Oct 06, 2014 | By George Gantz
Can we be Emotional and Rational at the Same Time?
In the first post on rationality (September 15, 2014), I mentioned the controversy over whether emotions, among other things, could be part of being rational. This statement deserves further explanation. We can start with a discussion of the role of emotions in each of the three parts of our model for rational decision-making: evidence – outcomes – reasoning.
There should be little disagreement that emotions can be treated as facts. If my friend is angry with me, this is a piece of evidence that I should consider in making a decision about what to say to him. And, on the flip side, if I am angry with my friend I may rationally decide not to say anything until I have a chance to think things through. In both cases, the emotions are simply facts that I need to factor into my rational consideration.
However, when it comes to the reasoning part of being rational, the consensus is that emotion should not play a role. Reasoning is either logical and consistent – or it is not. While there may be concerns (as discussed in the September 22 posting) as to whether the universe meets this standard, I think we can all agree that the goal of human reasoning is to be logical and consistent. Emotions, and other factors such as intuitions or hunches, may be admissible in the process of assembling and weighing evidence and outcomes, but they should play no role in how we actually think.
This leaves the third leg of our model – outcomes. In this case the role of emotions is more complex. There should be little disagreement that emotions can help shape our selection of desired outcomes. If I have a fear of flying, it is rational not to fly. However, one may question whether the fear itself is rational if the consequences of a decision to drive rather than fly, based on the evidence of relative travel risks, is to increase my risk. Even so, it may still be considered rational for someone to respond, “yes, I understand I am increasing travel risks but I choose to drive because, all things considered, including my fear of flying, I will have a more pleasant journey if I drive.”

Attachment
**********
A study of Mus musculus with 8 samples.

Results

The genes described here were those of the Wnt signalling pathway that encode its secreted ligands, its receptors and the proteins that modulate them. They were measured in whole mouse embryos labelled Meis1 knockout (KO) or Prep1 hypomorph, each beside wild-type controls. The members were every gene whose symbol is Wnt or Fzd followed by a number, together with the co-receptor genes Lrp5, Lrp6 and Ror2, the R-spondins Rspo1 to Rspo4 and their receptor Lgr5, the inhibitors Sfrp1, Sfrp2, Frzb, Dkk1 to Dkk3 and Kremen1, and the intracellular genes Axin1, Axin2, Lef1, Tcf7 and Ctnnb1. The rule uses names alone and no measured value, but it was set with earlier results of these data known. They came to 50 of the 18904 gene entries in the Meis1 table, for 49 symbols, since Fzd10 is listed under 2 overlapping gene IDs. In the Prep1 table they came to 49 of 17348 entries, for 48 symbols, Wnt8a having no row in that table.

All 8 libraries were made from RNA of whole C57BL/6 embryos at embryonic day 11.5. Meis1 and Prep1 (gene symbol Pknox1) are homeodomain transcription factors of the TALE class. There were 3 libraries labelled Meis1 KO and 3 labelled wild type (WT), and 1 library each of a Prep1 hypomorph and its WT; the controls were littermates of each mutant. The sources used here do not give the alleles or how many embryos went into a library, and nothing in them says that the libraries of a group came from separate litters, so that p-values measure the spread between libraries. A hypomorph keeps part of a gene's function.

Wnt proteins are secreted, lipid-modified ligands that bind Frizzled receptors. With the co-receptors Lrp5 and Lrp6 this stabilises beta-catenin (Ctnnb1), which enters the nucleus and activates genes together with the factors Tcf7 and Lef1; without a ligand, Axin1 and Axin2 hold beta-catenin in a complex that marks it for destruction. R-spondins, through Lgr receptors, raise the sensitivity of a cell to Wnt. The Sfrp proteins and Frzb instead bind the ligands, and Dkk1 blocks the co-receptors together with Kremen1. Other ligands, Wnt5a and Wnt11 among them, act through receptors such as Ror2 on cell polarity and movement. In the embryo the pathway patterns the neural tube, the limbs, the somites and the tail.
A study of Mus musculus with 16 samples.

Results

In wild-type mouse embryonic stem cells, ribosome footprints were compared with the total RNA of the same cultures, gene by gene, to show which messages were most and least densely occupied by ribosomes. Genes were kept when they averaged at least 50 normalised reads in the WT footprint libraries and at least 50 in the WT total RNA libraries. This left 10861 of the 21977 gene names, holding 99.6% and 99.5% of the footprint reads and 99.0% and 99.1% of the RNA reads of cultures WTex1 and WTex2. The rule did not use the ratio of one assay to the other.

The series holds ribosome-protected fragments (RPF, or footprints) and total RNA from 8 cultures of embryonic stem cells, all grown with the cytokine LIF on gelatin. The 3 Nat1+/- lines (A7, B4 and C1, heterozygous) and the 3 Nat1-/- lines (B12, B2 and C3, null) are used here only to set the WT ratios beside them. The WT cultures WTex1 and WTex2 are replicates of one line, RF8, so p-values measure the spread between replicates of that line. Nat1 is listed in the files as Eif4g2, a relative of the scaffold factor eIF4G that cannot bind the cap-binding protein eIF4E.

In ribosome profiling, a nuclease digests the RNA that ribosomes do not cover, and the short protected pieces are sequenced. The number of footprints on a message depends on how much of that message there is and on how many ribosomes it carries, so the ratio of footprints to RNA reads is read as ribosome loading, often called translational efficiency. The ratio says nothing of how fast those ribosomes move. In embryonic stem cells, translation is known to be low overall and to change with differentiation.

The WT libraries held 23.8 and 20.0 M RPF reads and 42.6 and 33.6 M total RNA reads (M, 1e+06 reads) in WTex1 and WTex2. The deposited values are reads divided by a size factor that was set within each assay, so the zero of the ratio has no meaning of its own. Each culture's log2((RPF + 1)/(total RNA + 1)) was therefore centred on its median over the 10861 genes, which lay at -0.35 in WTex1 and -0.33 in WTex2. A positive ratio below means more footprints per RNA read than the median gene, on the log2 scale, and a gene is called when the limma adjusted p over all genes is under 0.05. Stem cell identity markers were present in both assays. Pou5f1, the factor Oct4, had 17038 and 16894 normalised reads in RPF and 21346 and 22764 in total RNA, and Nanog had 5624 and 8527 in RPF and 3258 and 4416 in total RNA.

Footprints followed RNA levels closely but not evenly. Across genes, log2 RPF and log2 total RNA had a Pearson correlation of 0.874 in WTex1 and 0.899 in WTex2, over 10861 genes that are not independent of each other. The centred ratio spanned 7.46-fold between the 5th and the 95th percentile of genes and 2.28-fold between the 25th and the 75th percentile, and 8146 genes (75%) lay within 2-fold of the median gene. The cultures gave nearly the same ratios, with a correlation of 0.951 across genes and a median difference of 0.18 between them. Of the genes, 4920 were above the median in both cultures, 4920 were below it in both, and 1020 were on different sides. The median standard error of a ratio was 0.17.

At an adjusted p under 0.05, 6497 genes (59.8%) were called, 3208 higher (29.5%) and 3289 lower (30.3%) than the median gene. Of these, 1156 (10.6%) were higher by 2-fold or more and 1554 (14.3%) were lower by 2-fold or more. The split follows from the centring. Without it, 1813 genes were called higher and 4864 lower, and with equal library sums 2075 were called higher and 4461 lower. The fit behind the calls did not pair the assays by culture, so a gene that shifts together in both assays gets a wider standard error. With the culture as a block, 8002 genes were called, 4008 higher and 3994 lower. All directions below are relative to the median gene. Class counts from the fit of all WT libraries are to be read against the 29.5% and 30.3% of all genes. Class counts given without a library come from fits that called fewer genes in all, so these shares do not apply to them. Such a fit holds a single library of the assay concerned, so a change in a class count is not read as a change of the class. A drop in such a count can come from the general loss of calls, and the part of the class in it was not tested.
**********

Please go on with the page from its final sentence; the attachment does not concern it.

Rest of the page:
To take this further, it can be argued that the weighing of desired outcomes entails a valuing of the options – something that is impossible without emotions, feelings and corresponding personal values or moral framework. We desire a particular outcome because we feel a certain way about the consequences. Moreover, this valuation often requires a complex balancing of different considerations. As the flying example shows, there can be trade-offs, and how we feel about those trade-offs makes a significant difference. Among all the options one could consider (suffering from anxiety as one flies; taking drugs to counteract the fear, not making the journey; experiencing increased time and risk from driving, etc., …) it is ultimately how we feel that forms the basis of our decision. In fact, it is impossible to assign values, and to make choices among them, without emotions (see, for example, “The Science Behind How Emotions Lead to Smarter Decisions” posted September 29, 2014, by Janet Choi ).
So, emotions are actually quite integral to rational decision-making. In some cases they constitute evidence, but more significantly they are necessary for the evaluation and selection of desired outcomes. We cannot be rational without also being emotional.
So when are emotions a barrier to our being rational? That’s a good discussion for a future post.